New turbot quota is all Nunavut’s

Northern Davis Strait turbot catch rises 60 per cent



Nunavut fishers are anxiously waiting to find out who will get to fish the extra 2,500 tonnes of turbot that the Department of Fisheries and Oceans gave to Nunavut last week.

Loyola Hearne, the fisheries minister, announced last Friday that Nunavut will get 100 per cent of the turbot quota increase in division 0A — Canada’s most northerly offshore fishing zone, stretching from just south of Qikiqtarjuaq to Ellesmere Island.

That brings Nunavut’s total annual allowable catch in that zone to 6,500 tonnes from 4,000 tonnes, a sign that Nunavut interests are getting a bigger share of turbot in adjacent waters, moving closer what provinces have historically enjoyed.

“We’ve been fighting for a long time to make sure that we get 100 per cent of any allocations in the territory,” said Olayuk Akesuk, the former environment minister, who retained responsibility for fisheries and sealing when he moved to the economic development and transportation portfolio last month.

“I think we’ve done a great job.”

Ben Kovic, the chair of the Baffin Fisheries Coalition, said he’s pleased with the new allocation, which signals the new federal Conservative government has a favourable view of Nunavut’s fishery.

“We’re still low percentage-wise in the whole turbot fishing area 0,” Kovic said, referring to both turbot zones east of Baffin Island. Nunavut still controls only 68 per cent of the combined turbot quota in divisions 0A and 0B.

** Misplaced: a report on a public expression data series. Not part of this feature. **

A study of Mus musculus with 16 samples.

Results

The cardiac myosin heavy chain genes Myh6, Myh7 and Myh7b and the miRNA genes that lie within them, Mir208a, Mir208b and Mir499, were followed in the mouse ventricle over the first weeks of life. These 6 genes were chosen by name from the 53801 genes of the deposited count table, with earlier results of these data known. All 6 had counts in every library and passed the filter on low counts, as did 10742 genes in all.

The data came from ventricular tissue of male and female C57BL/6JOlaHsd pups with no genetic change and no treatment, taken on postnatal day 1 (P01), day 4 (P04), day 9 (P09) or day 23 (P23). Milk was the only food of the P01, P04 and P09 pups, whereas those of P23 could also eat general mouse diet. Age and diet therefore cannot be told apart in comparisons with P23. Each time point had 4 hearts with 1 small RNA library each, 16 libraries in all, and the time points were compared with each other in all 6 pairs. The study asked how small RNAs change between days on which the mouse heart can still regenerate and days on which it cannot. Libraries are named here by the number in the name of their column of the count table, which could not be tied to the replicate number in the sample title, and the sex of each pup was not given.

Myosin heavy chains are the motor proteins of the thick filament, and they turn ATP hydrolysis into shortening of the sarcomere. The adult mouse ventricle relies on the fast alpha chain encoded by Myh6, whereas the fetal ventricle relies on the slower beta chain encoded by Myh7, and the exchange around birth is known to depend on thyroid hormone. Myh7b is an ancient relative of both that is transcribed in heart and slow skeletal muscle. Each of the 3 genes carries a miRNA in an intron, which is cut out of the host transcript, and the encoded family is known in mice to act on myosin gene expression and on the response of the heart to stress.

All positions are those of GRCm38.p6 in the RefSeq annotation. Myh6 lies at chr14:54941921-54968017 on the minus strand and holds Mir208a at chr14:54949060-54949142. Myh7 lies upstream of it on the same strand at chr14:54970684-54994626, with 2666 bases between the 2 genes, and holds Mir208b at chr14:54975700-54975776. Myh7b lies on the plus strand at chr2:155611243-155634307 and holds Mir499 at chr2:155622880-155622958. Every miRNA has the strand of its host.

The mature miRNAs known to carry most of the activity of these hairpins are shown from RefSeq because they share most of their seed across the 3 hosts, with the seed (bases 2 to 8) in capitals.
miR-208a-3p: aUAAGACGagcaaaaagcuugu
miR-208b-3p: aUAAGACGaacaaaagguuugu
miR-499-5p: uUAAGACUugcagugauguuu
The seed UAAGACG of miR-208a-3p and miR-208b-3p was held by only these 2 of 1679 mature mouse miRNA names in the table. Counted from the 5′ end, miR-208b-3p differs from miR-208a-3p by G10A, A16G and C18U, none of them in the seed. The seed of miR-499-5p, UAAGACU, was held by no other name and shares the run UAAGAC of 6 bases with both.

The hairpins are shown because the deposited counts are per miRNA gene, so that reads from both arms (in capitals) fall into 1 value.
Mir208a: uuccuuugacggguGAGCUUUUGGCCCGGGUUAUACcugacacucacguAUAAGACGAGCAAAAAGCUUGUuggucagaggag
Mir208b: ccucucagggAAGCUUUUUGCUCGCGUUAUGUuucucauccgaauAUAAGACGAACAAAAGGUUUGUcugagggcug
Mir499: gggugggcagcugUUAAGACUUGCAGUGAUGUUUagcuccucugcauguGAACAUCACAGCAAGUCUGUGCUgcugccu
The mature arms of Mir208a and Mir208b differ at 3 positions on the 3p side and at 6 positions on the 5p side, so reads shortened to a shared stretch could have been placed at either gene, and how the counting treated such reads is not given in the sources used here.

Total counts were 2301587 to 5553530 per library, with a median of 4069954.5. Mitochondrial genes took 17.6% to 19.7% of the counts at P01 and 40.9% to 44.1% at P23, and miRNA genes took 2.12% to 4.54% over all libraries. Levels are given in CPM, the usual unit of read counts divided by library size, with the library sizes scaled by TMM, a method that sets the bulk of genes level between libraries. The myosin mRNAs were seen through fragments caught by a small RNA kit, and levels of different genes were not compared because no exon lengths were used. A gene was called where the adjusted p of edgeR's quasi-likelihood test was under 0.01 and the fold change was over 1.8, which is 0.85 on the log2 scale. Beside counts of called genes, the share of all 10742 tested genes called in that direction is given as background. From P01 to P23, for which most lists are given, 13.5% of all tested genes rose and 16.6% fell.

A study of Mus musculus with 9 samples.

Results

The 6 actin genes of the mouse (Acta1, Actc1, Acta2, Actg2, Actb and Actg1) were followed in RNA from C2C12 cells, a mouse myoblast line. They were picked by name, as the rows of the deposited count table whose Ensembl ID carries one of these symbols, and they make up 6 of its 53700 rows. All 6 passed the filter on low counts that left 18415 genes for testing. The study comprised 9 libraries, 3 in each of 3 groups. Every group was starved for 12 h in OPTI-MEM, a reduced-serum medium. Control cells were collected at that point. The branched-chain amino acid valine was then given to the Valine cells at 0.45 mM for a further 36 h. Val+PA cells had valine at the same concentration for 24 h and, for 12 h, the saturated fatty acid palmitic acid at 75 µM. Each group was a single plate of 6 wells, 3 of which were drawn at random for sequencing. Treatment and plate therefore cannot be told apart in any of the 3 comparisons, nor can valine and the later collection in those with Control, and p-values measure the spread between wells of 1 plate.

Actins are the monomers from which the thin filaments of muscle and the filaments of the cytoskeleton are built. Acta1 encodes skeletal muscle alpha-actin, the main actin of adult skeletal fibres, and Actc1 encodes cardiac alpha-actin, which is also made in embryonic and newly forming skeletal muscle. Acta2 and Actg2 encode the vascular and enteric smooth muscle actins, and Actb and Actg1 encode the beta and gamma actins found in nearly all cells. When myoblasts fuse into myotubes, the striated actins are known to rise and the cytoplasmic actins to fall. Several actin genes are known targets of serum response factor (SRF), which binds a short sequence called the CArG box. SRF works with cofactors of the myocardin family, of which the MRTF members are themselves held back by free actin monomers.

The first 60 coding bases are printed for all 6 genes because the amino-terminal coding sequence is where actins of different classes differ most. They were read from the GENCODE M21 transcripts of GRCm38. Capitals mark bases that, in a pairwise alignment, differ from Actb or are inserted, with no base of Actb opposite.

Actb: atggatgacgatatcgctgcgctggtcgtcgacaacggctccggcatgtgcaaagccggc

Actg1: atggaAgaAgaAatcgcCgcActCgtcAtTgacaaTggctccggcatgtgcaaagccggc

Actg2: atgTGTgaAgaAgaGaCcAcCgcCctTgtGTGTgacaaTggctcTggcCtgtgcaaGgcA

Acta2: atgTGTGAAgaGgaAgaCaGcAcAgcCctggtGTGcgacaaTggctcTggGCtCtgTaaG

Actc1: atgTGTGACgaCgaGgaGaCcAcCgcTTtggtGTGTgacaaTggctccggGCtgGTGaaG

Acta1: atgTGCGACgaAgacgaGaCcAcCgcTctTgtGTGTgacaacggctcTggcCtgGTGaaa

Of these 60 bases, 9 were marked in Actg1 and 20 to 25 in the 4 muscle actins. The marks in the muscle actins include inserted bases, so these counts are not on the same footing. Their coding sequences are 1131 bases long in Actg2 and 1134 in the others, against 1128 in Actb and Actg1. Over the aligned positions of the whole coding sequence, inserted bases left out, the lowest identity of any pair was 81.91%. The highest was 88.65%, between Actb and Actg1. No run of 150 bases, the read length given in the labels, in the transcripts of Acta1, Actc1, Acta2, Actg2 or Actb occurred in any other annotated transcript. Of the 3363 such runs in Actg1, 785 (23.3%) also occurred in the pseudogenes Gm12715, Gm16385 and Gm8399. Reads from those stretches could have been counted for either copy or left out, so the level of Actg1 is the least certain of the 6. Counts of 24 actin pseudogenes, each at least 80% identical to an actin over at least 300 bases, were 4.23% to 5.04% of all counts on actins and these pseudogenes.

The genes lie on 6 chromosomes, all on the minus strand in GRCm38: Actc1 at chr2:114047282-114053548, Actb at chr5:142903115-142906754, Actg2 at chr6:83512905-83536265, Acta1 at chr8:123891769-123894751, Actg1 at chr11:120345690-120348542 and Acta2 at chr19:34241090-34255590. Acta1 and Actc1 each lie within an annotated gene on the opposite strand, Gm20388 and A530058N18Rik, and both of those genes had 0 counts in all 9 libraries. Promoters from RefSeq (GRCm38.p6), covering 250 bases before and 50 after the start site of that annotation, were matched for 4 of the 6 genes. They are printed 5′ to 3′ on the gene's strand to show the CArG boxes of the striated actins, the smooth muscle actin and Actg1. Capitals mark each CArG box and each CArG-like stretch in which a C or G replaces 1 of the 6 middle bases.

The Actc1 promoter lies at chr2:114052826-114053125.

Market prices for turbot currently hover around $5,500 per tonne, Kovic said. That means the new quota increase has a value of roughly $13 million.

“Nunavut communities that are involved in the fishery should get a good chunk of that in royalty payments and employment,” Kovic said.

The BFC — a coalition of Baffin fishers, minus the breakway Nattivak HTO in Qikiqtarjuaq — is just one group waiting to hear who will be allowed to fish the new quota.

The Nunavut Wildlife Management Board will soon issue a call for applications to fish the quota, with a deadline of April 21, said Joe Tiqullaraq, the board’s chair.

The board will review the applications on April 24 or 25, and make recommendations on who should fish the quota to DFO, which then formalizes the decision though an announcement from the minister.

This arrangement gives the NWMB effective decision-making power over who gets to fish in the waters off Nunavut.

But the NWMB’s recommendations must be kept secret until the DFO minister “announces” the decision.

The North Atlantic Fisheries Organization last year recommended a quota increase for the Davis Strait, based on research conducted by DFO, and funded by the Government of Nunavut, the Nunavut Wildlife Management Board, Nunavut Tunngavik Inc., Indian and Northern Affairs Canada, the Baffin Fisheries Coalition and DFO.